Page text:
Yesterday, our law firm filed a notice of appeal with the New Hampshire Supreme Court in Mary Rivard’s lawsuit against Governor Christopher T. Sununu over his executive orders extending his “state of emergency” declaration he issued earlier this year in response to the Coronavirus. Ms. Rivard had requested an emergency motion for a temporary restraining order enjoining Governor Sununu’s emergency measures. Ms. Rivard also amended her complaint to allege an additional claim: that the emergency powers statutes (RSA 4:45 and 4:47) under which Governor Sununu issued and renewed the “state of emergency” declaration are an unconstitutional delegation of legislative power in violation of The New Hampshire Constitution.
After a hearing on June 9, 2020, the Merrimack County Superior Court denied Ms. Rivard’s request for an injunction and dismissed the case. We filed a motion to reconsider that order in early August 2020, highlighting many of the errors in the Court’s decision. The Court denied that motion last month (one word: “Denied.”).
In light of recent decisions from Pennsylvania and Michigan within the last two weeks that invalided shutdown orders in those states, we appealed the Court’s decision. In New Hampshire, an appeal of a trial court decision on the merits goes directly to the New Hampshire Supreme Court.
In Ms. Rivard’s lawsuit, we primarily requested that the Court conclude Governor Sununu’s orders are void because he lacked the authority under the applicable statutes to continue renewing New Hampshire’s “state of emergency.”
Governor Sununu’s original shutdown orders in March 2020 were designed to “slow the spread” of the Coronavirus so New Hampshire’s healthcare system would not be overwhelmed. Over a month later (and particularly now), there was no question New Hampshire’s hospitals had never reached capacity: in a press conference on April 29, 2020, Governor Sununu explained just 10% of the COVID-dedicated beds in New Hampshire’s hospitals were occupied (approximately 100 of 1,000 beds). That number has since dropped precipitously. Indeed, we explained in Ms. Rivard’s Complaint that data from the New Hampshire Department of Health and Human Services supported Governor Sununu’s statement and showed New Hampshire’s hospitalization rate was dropping. Hospitals have also furloughed numerous employees. In other words, New Hampshire’s curve had “flattened” and had never really spiked at all.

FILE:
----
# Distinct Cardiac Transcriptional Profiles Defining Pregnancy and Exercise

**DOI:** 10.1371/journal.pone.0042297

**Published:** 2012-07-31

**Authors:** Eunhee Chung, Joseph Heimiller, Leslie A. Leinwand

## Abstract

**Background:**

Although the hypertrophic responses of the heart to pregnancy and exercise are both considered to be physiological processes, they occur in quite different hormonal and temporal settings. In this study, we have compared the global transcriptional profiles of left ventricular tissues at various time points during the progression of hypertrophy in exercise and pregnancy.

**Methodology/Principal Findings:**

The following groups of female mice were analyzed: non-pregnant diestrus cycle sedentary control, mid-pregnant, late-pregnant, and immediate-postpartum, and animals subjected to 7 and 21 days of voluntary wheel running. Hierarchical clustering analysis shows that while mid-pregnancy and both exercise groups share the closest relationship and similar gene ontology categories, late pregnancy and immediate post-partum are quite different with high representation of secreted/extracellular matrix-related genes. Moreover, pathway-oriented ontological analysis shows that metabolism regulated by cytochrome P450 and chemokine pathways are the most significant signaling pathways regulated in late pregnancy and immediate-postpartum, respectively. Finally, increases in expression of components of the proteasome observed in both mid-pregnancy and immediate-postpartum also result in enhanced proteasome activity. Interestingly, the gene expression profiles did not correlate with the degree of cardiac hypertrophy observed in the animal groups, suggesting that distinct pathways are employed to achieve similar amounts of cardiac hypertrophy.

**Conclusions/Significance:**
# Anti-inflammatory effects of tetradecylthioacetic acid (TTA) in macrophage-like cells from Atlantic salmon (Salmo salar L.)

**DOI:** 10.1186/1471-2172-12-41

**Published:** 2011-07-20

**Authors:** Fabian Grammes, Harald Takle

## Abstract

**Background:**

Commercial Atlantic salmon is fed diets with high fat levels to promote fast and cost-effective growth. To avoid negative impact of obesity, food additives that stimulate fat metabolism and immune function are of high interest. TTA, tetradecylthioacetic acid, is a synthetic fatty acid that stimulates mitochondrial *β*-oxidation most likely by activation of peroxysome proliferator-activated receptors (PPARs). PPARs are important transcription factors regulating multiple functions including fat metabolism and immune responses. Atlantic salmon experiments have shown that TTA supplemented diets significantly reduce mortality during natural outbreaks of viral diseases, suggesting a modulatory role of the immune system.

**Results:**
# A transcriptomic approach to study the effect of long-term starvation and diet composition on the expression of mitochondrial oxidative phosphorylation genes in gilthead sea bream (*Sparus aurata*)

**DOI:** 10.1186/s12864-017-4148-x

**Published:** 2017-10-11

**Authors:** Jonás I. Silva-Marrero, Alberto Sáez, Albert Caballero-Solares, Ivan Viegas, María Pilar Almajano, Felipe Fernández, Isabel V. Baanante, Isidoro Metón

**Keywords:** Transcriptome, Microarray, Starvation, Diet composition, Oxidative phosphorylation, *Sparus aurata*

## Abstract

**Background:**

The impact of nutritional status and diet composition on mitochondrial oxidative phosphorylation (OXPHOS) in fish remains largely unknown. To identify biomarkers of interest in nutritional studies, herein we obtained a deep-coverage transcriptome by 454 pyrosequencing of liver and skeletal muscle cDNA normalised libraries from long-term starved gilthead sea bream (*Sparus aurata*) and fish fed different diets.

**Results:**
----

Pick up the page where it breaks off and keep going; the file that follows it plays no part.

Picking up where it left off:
Despite these facts, Governor Sununu issued Executive Order 2020-08 on April 24, and then Executive Order 2020-09 on May 15, and additional orders after that, renewing the “state of emergency” declaration. A “state of emergency” automatically terminates after 21 days. A Governor may “renew” is if he or she finds it “necessary to protect the safety and welfare” of New Hampshire citizens. Although New Hampshire’s curve was “flat,” these orders renewed the “state of emergency” several times, each for another 21 days. Emergency orders issued by the Governor also continue to place restrictions on “non-essential” businesses, making it virtually impossible to operate realistically or at a profit.
New Hampshire is now nearly seven months into this lockdown, and many “non-essential” businesses have been closed or teetering on closure, and no end is in sight despite there being no “emergency” in New Hampshire. Ms. Rivard is facing the real possibility of closing her business permanently as well. Her appeal challenges the Court’s dismissal of her claims and denial of her request for an injunction.